Statement by IMF Managing Director Rodrigo de Rato at the Conclusion of His Visit to GuatemalaPress Release No. 06/40
February 28, 2006
Mr. Rodrigo de Rato, Managing Director of the International Monetary Fund (IMF), made the following statement today in Guatemala City:
"It is a great pleasure for me to be in Guatemala today, the second stop in my current visit to Central America. During this visit, I had the privilege of meeting with President Oscar Berger, Vice-President Eduardo Stein, Finance Minister María Antonieta de Bonilla, Central Bank President Lizardo Sosa, and other cabinet members. I also had very productive meetings with members of congress, the private sector, and civil society. An important highlight of this trip was my visit to PENNAT, a project that has become a model for the provision of education to working children, and symbolic of the efforts being made to reduce poverty at its core.
"Since the Peace Accords of 1996, Guatemala has made substantial progress toward entrenching macroeconomic stability, through the adoption of disciplined fiscal and monetary policies, and key banking reforms. As a result, Guatemala's economy has weathered well the recent oil price shock and the impact of tropical storm Stan in October. Thus, the near-term outlook is positive, with output growth is gathering momentum, exports are expanding, inflation is slowing from a peak in November, and official reserves have risen to record levels.
"My discussions focused on the core challenge Guatemala faces to alleviate poverty by raising medium-term growth to create jobs. Meeting this challenge will require policies with a strong consensus across the social and political spectrum. The agenda includes, most importantly, implementing tax reform that will allow increased targeted spending in key social and poverty reduction areas. In addition, there is a need to institutionalize fiscal discipline, further strengthen the banking system, continue the efforts already underway to strengthen government institutions, improve the investment climate, and reduce crime, all of which should provide a strong foundation for faster growth. In this context, I supported the government's immediate priorities to reduce tax evasion, increase fiscal transparency, raise the tax ratio, and increase social spending. Also, timely improvements in the regulatory framework are critical for the adoption of CAFTA-DR, as this agreement would broaden investment and job opportunities, through a greater integration with the region and the global economy.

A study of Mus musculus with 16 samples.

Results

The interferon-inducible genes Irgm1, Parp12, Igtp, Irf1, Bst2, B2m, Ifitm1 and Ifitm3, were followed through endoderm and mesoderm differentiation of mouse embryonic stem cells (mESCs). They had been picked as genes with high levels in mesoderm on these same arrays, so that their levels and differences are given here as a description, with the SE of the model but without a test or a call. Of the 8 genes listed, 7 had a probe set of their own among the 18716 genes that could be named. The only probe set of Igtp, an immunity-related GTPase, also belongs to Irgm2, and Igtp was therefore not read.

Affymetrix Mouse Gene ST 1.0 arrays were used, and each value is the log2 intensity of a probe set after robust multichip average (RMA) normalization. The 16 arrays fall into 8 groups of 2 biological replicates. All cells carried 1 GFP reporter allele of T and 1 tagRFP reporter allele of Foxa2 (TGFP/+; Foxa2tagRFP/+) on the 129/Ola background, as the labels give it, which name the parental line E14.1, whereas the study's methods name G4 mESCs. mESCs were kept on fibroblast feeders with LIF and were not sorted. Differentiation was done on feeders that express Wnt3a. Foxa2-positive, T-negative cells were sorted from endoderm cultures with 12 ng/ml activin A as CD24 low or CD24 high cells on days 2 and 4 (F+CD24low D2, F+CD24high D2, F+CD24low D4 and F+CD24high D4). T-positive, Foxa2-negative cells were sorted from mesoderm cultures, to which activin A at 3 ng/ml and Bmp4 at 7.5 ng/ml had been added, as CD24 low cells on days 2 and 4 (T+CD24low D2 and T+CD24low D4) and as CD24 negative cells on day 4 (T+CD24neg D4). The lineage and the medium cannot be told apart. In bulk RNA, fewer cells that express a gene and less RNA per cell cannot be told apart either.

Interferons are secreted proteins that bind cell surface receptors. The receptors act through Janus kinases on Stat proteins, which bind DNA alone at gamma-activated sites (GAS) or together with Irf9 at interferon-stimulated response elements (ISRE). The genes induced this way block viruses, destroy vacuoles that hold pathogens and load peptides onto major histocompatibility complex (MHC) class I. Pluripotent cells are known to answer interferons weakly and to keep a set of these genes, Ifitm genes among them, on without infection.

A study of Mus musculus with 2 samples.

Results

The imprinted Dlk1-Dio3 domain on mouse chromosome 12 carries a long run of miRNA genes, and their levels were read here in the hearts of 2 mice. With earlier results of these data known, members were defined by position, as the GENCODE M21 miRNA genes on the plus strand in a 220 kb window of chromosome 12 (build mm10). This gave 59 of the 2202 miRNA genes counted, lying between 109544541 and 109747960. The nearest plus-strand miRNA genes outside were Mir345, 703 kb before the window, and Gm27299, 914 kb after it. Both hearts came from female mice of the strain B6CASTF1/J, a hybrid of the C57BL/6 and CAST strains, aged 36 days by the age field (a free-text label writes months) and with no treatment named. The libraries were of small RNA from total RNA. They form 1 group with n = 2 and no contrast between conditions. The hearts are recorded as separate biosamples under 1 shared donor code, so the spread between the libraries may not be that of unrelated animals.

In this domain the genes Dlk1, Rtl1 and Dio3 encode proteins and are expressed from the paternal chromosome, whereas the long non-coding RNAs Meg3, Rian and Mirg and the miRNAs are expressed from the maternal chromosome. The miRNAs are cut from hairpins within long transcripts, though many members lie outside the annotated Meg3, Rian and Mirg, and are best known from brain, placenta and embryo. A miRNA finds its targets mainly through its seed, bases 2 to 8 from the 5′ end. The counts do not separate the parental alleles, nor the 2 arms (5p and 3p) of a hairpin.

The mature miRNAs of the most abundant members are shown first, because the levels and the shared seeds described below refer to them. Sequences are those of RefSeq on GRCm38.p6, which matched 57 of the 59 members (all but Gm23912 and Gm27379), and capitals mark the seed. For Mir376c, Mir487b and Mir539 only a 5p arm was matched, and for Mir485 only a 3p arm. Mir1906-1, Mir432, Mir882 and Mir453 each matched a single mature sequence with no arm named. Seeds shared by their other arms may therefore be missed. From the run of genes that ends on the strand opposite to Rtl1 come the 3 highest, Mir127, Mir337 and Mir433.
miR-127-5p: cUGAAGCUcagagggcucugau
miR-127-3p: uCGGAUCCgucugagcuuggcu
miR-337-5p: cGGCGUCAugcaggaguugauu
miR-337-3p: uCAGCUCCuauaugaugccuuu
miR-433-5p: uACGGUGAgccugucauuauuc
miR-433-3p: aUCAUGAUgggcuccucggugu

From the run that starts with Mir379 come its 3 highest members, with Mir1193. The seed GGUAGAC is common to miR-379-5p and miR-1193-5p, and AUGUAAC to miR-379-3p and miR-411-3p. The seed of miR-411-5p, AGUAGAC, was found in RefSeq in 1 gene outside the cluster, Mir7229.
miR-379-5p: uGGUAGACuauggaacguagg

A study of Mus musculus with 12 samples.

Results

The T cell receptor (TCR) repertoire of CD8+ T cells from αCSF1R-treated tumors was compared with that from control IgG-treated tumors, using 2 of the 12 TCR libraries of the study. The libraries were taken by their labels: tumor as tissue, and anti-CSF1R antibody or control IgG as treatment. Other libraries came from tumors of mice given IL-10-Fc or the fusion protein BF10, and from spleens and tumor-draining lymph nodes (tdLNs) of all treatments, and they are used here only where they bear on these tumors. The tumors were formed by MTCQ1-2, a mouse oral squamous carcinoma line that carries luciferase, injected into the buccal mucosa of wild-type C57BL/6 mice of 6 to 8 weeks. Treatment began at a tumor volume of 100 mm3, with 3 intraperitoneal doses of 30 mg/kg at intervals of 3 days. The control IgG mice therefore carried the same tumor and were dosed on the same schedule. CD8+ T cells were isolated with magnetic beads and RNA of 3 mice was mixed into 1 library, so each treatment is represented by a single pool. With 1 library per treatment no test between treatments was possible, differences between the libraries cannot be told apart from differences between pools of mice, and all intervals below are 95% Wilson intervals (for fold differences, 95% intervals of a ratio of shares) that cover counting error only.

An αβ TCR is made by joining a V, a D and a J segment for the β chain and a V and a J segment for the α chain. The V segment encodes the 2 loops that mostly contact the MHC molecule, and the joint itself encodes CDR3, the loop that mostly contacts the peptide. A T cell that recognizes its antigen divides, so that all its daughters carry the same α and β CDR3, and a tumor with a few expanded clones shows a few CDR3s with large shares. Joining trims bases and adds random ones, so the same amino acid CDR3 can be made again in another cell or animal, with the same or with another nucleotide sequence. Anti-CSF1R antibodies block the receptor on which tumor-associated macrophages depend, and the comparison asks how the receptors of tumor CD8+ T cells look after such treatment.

"Such an agenda would also improve social conditions and alleviate poverty as envisaged in the Millennium Development Goals. Building on the progress already made, I would encourage all sections of Guatemalan society to work together to develop the needed support for it. Especially important are the government's efforts to raise fiscal revenue and achieve the goal set in the 1996 Peace Accords. This is a crucial step to enable priority social projects, alleviate poverty in Guatemala, and develop a more strategic role for the state.
"We had also a constructive dialogue on prospects for Central America and I supported the government's role in fostering policy coordination across the region. We agreed that the immediate focus should be on tax policy coordination, cross-border financial supervision, and the harmonization of statistics. The Fund will continue to be actively involved in supporting these priorities.
"Over the years, the Fund has maintained a close policy dialogue and technical assistance effort with Guatemala, and I would like to reiterate our commitment to continue assisting the authorities in their efforts to raise the growth potential of the economy and improve the living standards, particularly for the poor."